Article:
The Allen County Fort Wayne Capital Improvement Board hasn't abandoned the idea of buying the block containing three fast-food restaurants just west of Grand Wayne Center – but this time, there's no arena in sight.
The board has listed as an agenda item considering a purchase authorization for the properties during its meeting Thursday.
Bart Shaw, executive director of Grand Wayne, said the authorization resolution was still being developed Monday and could not be released. He said the board could decide to pull it from the agenda or not take a vote Thursday.
But board member Don Steininger confirmed the board is looking at buying the two properties – one that contains King Gyros and Rally's, and the other Taco Bell – on the north side of the 300 block of West Jefferson Boulevard.
The land was considered as the site of a proposed downtown arena until the plan was shelved in late 2017.
However, the board in April approved borrowing $17 million through a bond issue to add floors to the Civic Center Garage. Some of those funds could be used to buy the properties, commonly known as the “fast-food block,” board members said at the time.
Steininger said this resolution “has nothing to do with an arena.”
“No, absolutely not,” he said. “That is not part of the discussion. ... We are simply acquiring it for future use.”
That use could be for parking or future expansion of Grand Wayne, according to public discussions by the board this year. Board members then expressed concern that the facility is landlocked, with no physical space to grow.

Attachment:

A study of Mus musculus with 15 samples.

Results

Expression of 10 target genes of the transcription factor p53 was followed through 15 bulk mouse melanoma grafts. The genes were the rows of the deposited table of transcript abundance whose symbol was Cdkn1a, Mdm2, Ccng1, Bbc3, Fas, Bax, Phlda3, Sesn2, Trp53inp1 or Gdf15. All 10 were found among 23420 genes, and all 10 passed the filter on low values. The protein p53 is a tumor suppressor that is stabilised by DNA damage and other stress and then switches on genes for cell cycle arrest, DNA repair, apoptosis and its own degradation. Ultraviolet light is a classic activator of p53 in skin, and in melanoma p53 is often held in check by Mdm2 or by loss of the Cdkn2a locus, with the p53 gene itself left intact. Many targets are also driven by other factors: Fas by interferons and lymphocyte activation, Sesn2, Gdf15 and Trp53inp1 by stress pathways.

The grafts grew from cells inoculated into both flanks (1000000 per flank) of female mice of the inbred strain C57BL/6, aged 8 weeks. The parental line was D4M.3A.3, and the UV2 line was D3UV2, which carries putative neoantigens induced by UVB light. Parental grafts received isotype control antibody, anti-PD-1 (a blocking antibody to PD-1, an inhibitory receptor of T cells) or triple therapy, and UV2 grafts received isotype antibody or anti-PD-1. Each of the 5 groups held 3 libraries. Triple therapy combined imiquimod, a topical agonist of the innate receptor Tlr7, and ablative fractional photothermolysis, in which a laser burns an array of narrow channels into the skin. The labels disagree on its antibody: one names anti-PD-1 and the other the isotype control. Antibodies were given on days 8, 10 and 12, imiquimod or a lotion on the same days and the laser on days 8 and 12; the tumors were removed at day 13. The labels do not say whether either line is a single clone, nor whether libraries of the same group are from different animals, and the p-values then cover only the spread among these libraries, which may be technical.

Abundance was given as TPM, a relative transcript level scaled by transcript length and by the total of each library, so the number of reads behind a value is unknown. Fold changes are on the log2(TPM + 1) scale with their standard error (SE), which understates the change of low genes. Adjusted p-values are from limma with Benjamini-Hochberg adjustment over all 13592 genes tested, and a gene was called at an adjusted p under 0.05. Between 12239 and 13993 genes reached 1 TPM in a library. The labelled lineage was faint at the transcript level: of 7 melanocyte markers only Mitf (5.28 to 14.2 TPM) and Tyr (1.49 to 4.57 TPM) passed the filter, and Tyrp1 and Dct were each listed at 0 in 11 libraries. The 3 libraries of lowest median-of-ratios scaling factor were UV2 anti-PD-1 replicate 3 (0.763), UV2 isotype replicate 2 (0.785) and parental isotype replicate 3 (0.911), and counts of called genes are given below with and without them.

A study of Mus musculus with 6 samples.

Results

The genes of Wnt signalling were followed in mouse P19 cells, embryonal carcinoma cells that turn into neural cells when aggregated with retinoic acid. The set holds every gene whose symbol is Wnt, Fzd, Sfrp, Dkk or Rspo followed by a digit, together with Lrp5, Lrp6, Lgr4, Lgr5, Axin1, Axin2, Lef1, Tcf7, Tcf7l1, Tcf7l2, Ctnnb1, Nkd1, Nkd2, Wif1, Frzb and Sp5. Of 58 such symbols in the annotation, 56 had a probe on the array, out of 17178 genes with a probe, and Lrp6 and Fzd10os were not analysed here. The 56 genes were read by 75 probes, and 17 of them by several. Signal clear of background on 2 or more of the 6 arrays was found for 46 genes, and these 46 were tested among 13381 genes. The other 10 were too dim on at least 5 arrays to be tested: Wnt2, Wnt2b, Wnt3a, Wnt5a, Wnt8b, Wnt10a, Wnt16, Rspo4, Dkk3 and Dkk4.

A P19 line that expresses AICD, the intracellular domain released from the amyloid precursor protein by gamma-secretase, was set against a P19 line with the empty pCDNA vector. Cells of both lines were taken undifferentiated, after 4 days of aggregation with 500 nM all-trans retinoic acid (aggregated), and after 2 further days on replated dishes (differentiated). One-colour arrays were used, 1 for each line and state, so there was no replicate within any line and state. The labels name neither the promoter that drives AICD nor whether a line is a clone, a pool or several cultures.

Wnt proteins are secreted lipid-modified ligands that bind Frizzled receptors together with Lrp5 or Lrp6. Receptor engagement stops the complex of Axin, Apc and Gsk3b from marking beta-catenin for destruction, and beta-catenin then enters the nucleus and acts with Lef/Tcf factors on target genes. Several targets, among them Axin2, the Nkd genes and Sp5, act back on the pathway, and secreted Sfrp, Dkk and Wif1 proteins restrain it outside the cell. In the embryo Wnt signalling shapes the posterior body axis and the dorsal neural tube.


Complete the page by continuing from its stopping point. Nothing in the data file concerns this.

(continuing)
Summit Development Corp. has an option to buy the land for about $6 million. The option must be exercised by Dec. 31, with the purchase finished by June 2019, board members said in April.
Summit Development Corp.'s principals are Karl I. Bandemer, president; Nancy Townsend, vice president; and Greg Leatherman, secretary and agent.
Bandemer serves Fort Wayne as deputy mayor; Leatherman retired as director of community development this year; and Townsend is director of redevelopment and executive director of the redevelopment commission.
Steininger said Monday he could not disclose a purchase price.
One of the functions of the CIB is “to buy and hold real estate for future use,” he said.
“We have no plan for it. The Grand Wayne right now is really landlocked, and we're buying it for protection (from other potential buyers) and give us some breathing room,” he said.
The CIB will meet at 8:30 a.m. in Grand Wayne Center near the general manager's office.